Millions of older men have turned to testosterone replacement therapy (TRT) to help restore their hormone levels, in hopes of refueling their energy, rebuilding their muscle mass, and reigniting their sex drive. But although declining testosterone is a normal part of aging — levels begin to drop about 2% per year beginning around age 40 — the potential benefits of TRT may not outweigh the long-term health risks, according to the June 2016 issue of the Harvard Men's Health Watch.
"Previous studies have suggested TRT may increase the chance of cardiovascular disease, but right now, the jury is still out," says Dr. Frances Hayes, a reproductive endocrinologist with Harvard-affiliated Massachusetts General Hospital. And while TRT may help with sexual function, including activity and desire, it is not a guaranteed fountain of youth. "Its impact is less than what many men would expect," says Dr. Hayes.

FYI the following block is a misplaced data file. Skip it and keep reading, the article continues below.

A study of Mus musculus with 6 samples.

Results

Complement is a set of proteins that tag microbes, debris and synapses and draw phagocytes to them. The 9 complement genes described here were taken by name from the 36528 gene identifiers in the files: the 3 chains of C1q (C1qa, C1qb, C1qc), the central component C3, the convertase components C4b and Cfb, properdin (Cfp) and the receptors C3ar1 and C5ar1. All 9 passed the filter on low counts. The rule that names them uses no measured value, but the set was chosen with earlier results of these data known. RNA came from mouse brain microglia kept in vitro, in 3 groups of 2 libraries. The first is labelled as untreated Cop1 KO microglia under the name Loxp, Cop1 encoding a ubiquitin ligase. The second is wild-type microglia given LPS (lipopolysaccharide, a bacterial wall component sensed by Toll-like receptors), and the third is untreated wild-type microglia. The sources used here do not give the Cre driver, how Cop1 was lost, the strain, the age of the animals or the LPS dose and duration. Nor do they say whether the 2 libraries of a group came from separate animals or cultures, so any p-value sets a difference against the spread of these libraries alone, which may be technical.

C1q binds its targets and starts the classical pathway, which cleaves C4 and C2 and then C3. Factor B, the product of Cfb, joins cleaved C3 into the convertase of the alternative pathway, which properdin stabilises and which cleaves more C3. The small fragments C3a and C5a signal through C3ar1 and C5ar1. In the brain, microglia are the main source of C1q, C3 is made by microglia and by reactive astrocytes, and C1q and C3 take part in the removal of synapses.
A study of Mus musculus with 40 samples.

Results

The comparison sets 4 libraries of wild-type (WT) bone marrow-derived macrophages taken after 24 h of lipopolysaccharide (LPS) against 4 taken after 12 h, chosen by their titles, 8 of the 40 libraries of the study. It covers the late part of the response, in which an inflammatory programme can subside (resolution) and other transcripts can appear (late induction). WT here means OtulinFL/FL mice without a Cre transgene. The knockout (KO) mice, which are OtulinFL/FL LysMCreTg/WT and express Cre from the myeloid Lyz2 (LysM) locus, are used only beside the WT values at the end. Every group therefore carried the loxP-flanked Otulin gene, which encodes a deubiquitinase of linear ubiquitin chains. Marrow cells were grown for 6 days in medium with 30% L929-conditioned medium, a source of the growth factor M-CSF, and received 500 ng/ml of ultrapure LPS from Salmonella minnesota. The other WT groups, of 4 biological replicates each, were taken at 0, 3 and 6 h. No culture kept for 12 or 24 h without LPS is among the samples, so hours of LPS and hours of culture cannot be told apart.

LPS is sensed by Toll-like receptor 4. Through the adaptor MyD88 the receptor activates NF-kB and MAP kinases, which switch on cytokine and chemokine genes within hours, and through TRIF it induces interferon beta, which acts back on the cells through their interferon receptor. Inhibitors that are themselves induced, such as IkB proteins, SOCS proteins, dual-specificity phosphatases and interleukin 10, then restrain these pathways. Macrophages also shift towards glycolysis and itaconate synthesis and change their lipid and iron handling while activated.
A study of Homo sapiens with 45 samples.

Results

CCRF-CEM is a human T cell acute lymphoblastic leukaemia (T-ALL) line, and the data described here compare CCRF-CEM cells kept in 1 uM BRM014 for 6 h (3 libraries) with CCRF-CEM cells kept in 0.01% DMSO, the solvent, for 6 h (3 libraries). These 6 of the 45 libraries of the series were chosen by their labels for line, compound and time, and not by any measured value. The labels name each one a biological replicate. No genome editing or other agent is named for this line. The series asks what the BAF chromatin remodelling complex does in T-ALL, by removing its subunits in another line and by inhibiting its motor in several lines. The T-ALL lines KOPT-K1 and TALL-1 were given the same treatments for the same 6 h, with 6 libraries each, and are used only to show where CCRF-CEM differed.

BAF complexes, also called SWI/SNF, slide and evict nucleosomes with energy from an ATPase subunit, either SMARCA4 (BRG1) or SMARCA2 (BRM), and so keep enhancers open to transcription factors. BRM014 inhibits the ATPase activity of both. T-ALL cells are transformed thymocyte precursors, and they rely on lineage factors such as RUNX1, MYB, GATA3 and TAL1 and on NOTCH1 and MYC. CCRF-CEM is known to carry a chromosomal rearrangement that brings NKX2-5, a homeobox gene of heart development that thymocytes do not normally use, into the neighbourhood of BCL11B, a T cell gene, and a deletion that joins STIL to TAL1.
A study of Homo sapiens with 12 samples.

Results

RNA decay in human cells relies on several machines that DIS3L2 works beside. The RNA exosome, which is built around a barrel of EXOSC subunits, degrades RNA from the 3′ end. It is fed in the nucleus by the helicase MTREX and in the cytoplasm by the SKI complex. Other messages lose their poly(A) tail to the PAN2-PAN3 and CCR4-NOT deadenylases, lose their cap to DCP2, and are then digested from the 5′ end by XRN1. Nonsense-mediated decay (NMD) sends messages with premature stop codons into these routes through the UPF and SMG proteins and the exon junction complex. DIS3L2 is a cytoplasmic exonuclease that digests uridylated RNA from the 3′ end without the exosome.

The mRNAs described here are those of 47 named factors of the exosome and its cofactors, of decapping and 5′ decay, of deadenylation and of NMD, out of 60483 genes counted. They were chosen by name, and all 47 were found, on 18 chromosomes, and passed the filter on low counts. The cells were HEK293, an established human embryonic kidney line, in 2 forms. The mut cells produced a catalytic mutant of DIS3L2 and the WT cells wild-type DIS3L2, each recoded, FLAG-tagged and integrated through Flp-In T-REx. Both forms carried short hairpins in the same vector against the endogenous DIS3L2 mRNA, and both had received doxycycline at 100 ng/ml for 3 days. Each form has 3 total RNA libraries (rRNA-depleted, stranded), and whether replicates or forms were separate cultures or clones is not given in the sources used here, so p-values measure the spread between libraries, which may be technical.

That does not mean TRT cannot be helpful. Adequate testosterone assists in red blood cell production and increases bone density. Low levels can contribute to depression, anxiety, weight gain, and fatigue.
To learn more about the potential benefits and risks of TRT, and who is a good candidate for TRT therapy, read the full-length article: "A new look at testosterone therapy."
As a service to our readers, Harvard Health Publishing provides access to our library of archived content. Please note the date of last review or update on all articles. No content on this site, regardless of date, should ever be used as a substitute for direct medical advice from your doctor or other qualified clinician.